Original poster: Neal Namowicz <mr_neal@xxxxxxxxxxxx>
That's basically what I meant, you just have a much more eloquent way of
putting it! Re: the St. Elmo's Fire- never saw it, but I certainly
felt it!! On
a similar theme- got zapped last week by a metal halide ballast that
had a high
resistance short to the housing. Note to self: turn off power before changing
> Original poster: "resonance" <resonance@xxxxxxxxxxxx>
> It's because the charge is not residing in the metal wire which is
> connected to ground --- the charge is residing in the dielectric (wire
> coating) between the grounded wires.
> A coil does have a DC component which can momemtarily charge the
> dielectric, ie, plastic or enamel wire covering. The def of a cap is two
> plates separated by a dielectric.
> Recall the old physics trick of the removable dielectric Leyden jar? A
> Leyden jar type cap is charged, and, then, while charged, with a plastic
> stick, the center conductor is carefully removed and the outer conductor
> is removed. They are shorted together, and also both shorted to a ground.
> The cap is then reassembled and the cap is powerfully discharged!! It
> proves the dielectric stores the charge, not the plates. In a Tesla coil,
> under certain conditions, the plastic PVC coating on the wire, or enamel
> coating, or protective coating over the windings, will hold a DC charge
> that discharges to you when you touch the sec coil. Good idea to at least
> slowly run the back of your hand or a ground along the sec winding to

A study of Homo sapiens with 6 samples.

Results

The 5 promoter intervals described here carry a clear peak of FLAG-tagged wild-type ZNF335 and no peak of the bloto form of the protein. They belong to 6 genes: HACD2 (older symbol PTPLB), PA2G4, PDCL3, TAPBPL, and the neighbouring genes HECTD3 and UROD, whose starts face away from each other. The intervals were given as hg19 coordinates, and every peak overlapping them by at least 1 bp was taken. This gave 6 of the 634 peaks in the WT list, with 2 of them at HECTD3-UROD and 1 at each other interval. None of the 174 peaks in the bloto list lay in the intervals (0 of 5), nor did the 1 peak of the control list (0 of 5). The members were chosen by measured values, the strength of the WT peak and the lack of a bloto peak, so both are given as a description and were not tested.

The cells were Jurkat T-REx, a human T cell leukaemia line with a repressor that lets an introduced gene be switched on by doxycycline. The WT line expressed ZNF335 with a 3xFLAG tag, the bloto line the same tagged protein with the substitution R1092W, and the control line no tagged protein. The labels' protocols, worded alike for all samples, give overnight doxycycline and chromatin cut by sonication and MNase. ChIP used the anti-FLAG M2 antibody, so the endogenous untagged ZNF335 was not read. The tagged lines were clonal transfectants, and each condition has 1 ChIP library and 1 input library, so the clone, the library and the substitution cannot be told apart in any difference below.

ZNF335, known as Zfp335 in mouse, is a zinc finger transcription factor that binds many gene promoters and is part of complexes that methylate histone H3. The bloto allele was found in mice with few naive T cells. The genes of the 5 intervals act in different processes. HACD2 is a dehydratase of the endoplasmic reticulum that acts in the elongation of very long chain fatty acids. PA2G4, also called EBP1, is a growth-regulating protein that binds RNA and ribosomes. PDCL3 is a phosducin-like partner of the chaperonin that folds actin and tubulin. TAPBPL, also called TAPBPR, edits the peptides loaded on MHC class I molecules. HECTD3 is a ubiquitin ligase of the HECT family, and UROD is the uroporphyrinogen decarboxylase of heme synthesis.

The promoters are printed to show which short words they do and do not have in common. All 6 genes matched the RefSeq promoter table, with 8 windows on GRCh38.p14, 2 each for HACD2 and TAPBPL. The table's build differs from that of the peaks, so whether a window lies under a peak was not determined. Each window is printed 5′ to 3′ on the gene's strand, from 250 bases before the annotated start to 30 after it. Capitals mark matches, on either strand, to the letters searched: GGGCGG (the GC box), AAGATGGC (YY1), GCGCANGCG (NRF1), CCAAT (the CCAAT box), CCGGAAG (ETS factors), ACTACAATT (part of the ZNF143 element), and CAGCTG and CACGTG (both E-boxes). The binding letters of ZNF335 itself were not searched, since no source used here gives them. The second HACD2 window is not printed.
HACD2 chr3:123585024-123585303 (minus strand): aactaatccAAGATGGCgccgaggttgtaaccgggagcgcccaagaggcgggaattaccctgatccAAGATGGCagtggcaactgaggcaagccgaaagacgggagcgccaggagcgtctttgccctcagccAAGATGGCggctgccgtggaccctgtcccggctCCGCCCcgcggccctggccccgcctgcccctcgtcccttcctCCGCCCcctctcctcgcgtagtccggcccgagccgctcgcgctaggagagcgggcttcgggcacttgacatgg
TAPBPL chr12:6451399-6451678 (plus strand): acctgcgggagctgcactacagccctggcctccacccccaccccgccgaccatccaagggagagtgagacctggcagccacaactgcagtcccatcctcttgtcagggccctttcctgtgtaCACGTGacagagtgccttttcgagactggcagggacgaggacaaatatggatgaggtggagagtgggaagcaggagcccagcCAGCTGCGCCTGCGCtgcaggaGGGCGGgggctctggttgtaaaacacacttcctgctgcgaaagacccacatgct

> discharge any of this "static electricity" that remains.
> Many coils usually don't have this problem some but coils with a heavy
> coating or PVC insulated wire coils can exhibit this phenomonea under
> certain conditions. Caution is in order until you discover if your
> particular coil design exhibits this interesting process.
> The atomic electron orbitals are stretched when the cap is charged, and as
> they return to their normal obits, they give up some electric charge to
> the plates again.
> I've noted it also seems to be more prominent in coils that are suddenly
> shut off at high power as opposed to operation in which the variac is
> slowly diminished. Perhaps a gradual shutdown of your particular coil
> will prevent this event from occuring. You could do some experiments with
> a grounded wire in a very dark room and you may see some "St. Elmo's fire"
> as you drag the wire down the side of the secondary coil.
> Dr. Resonance
>>I've gotten bit by a couple secondaries in the past, which I thought was
>>rather odd since they were still connected to ground at the time. I'm
>>thinking that perhaps it's an electrostatic charge built up on the
>>outside of the secondary that carries the "bite". (?) Now, before I decide
>>touch a secondary that's just been running, I take a grounded wire and go
>>over the outside of it a bit. (I bend the end over so I'm not scraping the
>>finish off) Seems to have done the trick for me.